Optimal deflection of earth-crossing objects using a power limited spacecraft

Young Joo Song, Sang Young Park, Kyu Hong Choi

Research output: Chapter in Book/Report/Conference proceedingConference contribution

4 Citations (Scopus)

Abstract

An optimal deflection method for Earth-Crossing Objects (ECOs) is formulated using a power limited spacecraft. To avoid the Earth impact, ECO's momentum is changed continuously using a power limited laser ablation system carried by the conceptual future spacecraft. The optimal operating duration and deflection angle variation history are estimated for various ECOs by using several power levels of ablation system. It is concluded that the timing of the operation start is very important. It is preferred to be as early as possible because the early start of operation requires relatively short operating duration with small operation angle variations. The method of continuous momentum change is more practical because there will be no fragmentation of ECO or unexpected ECO's orbital motions.

Original languageEnglish
Title of host publicationAmerican Astronautical Society - Space Flight Mechanics 2007 - Advances in the Astronautical Sciences, Proceedings of the AAS/AIAA Space Flight Mechanics Meeting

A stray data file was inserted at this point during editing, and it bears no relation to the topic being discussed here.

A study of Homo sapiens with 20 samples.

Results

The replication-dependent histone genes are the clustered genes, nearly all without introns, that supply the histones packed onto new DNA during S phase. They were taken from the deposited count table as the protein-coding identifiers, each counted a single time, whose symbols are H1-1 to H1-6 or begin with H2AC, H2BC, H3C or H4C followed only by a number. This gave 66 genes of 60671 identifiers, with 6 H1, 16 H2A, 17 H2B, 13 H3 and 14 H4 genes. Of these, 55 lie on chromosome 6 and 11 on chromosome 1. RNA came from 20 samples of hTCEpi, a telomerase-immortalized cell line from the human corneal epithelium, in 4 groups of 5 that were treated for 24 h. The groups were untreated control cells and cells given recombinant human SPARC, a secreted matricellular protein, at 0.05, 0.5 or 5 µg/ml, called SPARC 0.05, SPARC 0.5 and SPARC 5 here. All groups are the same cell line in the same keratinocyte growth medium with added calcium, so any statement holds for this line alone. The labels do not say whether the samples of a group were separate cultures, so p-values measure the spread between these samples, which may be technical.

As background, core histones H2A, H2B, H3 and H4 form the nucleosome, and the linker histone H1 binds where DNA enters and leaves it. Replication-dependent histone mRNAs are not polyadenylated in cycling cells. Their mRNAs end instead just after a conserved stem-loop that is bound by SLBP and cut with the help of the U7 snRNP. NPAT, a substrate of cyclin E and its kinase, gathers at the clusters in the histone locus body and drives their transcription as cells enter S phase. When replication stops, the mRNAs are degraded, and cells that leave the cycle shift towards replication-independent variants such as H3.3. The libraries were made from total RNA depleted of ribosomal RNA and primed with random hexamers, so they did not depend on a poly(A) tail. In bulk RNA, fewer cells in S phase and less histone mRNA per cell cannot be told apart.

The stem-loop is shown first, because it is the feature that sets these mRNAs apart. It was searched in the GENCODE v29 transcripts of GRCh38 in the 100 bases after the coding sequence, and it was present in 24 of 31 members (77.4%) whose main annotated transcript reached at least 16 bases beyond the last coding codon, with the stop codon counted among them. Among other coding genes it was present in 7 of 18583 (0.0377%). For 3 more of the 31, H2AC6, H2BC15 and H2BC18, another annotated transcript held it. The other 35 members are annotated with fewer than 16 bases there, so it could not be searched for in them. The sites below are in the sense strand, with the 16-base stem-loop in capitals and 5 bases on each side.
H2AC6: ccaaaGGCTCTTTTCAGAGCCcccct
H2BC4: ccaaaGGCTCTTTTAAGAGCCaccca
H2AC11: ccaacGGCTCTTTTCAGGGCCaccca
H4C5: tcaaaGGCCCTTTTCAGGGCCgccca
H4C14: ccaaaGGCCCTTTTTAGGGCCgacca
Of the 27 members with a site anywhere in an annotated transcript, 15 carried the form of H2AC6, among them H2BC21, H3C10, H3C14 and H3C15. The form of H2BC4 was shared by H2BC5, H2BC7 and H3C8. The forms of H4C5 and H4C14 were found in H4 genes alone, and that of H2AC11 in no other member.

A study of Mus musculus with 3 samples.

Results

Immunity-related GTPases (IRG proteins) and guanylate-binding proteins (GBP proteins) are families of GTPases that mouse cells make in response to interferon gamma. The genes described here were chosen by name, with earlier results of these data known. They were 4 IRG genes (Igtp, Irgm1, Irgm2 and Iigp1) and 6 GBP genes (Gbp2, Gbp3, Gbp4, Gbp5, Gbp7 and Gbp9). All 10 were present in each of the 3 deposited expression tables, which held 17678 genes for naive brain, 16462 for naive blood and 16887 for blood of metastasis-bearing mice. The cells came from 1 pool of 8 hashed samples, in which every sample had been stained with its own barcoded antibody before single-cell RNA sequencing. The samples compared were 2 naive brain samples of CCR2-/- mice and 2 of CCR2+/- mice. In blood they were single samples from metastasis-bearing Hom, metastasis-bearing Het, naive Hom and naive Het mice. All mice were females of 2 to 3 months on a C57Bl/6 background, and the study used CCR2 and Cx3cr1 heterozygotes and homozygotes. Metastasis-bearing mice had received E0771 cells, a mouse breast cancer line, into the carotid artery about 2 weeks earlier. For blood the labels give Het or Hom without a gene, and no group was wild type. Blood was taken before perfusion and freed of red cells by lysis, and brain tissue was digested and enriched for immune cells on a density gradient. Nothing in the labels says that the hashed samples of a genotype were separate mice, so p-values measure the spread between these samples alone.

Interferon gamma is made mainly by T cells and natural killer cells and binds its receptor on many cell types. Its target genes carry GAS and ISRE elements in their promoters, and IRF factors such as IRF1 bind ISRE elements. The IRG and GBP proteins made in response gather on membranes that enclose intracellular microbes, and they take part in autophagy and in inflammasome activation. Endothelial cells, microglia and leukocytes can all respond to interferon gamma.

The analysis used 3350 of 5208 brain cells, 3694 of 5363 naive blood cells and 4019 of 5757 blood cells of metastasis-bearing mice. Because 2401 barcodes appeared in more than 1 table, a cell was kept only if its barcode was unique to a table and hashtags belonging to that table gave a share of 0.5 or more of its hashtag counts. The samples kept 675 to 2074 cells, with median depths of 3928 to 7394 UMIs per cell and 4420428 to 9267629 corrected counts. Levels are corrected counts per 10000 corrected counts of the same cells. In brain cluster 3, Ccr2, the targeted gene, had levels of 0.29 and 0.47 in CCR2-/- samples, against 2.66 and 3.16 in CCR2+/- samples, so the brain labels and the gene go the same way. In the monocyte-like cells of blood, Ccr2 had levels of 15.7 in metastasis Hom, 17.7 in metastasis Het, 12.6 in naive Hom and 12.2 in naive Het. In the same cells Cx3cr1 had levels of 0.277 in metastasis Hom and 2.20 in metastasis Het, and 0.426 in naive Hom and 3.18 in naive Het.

Pages701-718
Number of pages18
Publication statusPublished - 2007
Event17th Annual Space Flight Mechanics Meeting - Sedona, AZ, United States
Duration: 2007 Jan 282007 Feb 1

Publication series

NameAdvances in the Astronautical Sciences
Volume127 PART 1
ISSN (Print)0065-3438

Other

Other17th Annual Space Flight Mechanics Meeting
CountryUnited States
CitySedona, AZ
Period07/1/2807/2/1

All Science Journal Classification (ASJC) codes

  • Aerospace Engineering
  • Space and Planetary Science


    Song, Y. J., Park, S. Y., & Choi, K. H. (2007). Optimal deflection of earth-crossing objects using a power limited spacecraft. In American Astronautical Society - Space Flight Mechanics 2007 - Advances in the Astronautical Sciences, Proceedings of the AAS/AIAA Space Flight Mechanics Meeting (pp. 701-718). (Advances in the Astronautical Sciences; Vol. 127 PART 1).